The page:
US home sales declined in January for the 12th consecutive month as mortgage rates remained elevated and stubbornly high prices kept homebuyers out of the market. It was the weakest home sales activity since 2010.
The continuation of a slowing trend that began in February 2022 is the longest streak of month-to-month declining home sales on record, going back to 1999 for all homes and 1968 for single-family homes.
Sales of existing homes — which include single-family homes, townhomes, condominiums and co-ops — fell a whopping 36.9% in January from a year ago and were down 0.7% from December, according to a National Association of Realtors report released Tuesday.
The seasonally adjusted annualized sales pace dropped from a pace of over 6 million units a year ago to 4 million last month. The steep decline in sales activity is driven by the large increase of mortgage rates over the past year. Last year, the average rate for a fixed-rate mortgage ranged from 3.22% to 3.55% in January, according to Freddie Mac. This year, rates in January ranged from 6.13% to 6.48%.
All regions of the United States saw drops in home sales year over year. But month-over-month sales were mixed, with the East and Midwest experiencing declines from December to January, while the South and West registered increases.
“Home sales are bottoming out,” said Lawrence Yun, NAR’s chief economist. “Prices vary depending on a market’s affordability, with lower-priced regions witnessing modest growth and more expensive regions experiencing declines.”
Home prices grow at the slowest rate in a decade
Even as home sales dropped last month, home prices continued to climb nationally. The median home price was $359,000 in January, up 1.3% from one year ago, according to the report. But that’s down from the record high of $413,800 in June. The price increase marks more than a decade of year-over-year monthly gains.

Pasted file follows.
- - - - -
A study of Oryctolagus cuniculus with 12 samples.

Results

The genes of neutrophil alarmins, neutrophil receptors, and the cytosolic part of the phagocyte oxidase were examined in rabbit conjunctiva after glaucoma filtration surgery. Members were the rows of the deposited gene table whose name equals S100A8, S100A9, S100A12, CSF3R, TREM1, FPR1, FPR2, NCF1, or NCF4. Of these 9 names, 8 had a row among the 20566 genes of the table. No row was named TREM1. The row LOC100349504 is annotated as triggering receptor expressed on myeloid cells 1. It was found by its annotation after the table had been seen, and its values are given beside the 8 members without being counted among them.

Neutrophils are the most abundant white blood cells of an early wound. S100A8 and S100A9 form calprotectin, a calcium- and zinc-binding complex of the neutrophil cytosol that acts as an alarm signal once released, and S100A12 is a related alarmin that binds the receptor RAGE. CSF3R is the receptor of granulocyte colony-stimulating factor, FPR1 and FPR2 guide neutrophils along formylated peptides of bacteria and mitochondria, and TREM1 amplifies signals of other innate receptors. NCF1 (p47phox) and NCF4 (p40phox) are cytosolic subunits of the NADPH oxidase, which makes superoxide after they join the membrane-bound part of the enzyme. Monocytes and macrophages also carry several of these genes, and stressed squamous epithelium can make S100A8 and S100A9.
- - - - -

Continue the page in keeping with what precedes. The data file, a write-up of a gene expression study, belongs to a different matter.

Month-to-month home prices tend to be volatile and seasonally skewed, which is why economists look at year-over-year price changes. Median prices in summer months, when larger homes tend to be sold with more competition in the market, will always be higher than winter months when the homes for sale tend to be smaller with fewer competing buyers.
Typically, prices have a seasonal drop of 8% to 10% between the summer and winter, said Yun. But this year that seasonal drop is outsized, with home prices already down 13% from June with another month to go before they usually rise again with the spring home buying season.
The annual price increase of 1.3% is the slowest price gain since February 2012, when the housing market was still digging out from the foreclosure crisis, said Yun. That small median price increase suggests that roughly half the country is seeing price increases, while the other half is seeing price declines, he said.
The West, where homes are the most expensive in the country and where some of the biggest price run-ups occured during the past few years, is seeing some of the biggest price declines. While home prices in the the Northeast, Midwest and the South are either flat or slightly up in January from a year ago, prices in the West were down 4.6% from January 2022.
Listings staying on the market longer
The inventory of homes to buy remains historically low. However, the number of homes increased a bit in January, according to NAR, rising 2.1% from December and 15.3% from one year ago.
“Homes are sitting on the market longer,” said Yun. “But there are fewer fresh listings coming to market this January compared to last January. This is due to homeowners loving their low interest rate and not wanting to give it up and put their home on the market.”
The typical home stayed on the market for 33 days in January, up significantly from 19 days a year ago.
Home sales by price category are experiencing a reversal of a trend seen during past few years, in which homes at the top end of the market were selling briskly. Now, more expensive homes are sitting longer and the sales in those price categories have dropped more than at lower price levels. While sales of homes priced between $250,000 and $500,000 are down 31% from a year ago, sales of homes $1 million and over are down 41%.
Buyers who can circumvent the cost of financing a home by paying cash are doing so, according to the report, with all-cash sales accounting for 29% of transactions in January, an increase of 27% from a year ago. Notably, individual investors or second-home buyers, who often buy in cash, purchased only 16% of homes in January, indicating that many people buying with cash are purchasing a primary home for themselves.
“Inventory remains low, but buyers are beginning to have better negotiating power,” said Yun. “Homes sitting on the market for more than 60 days can be purchased for around 10% less than the original list price.”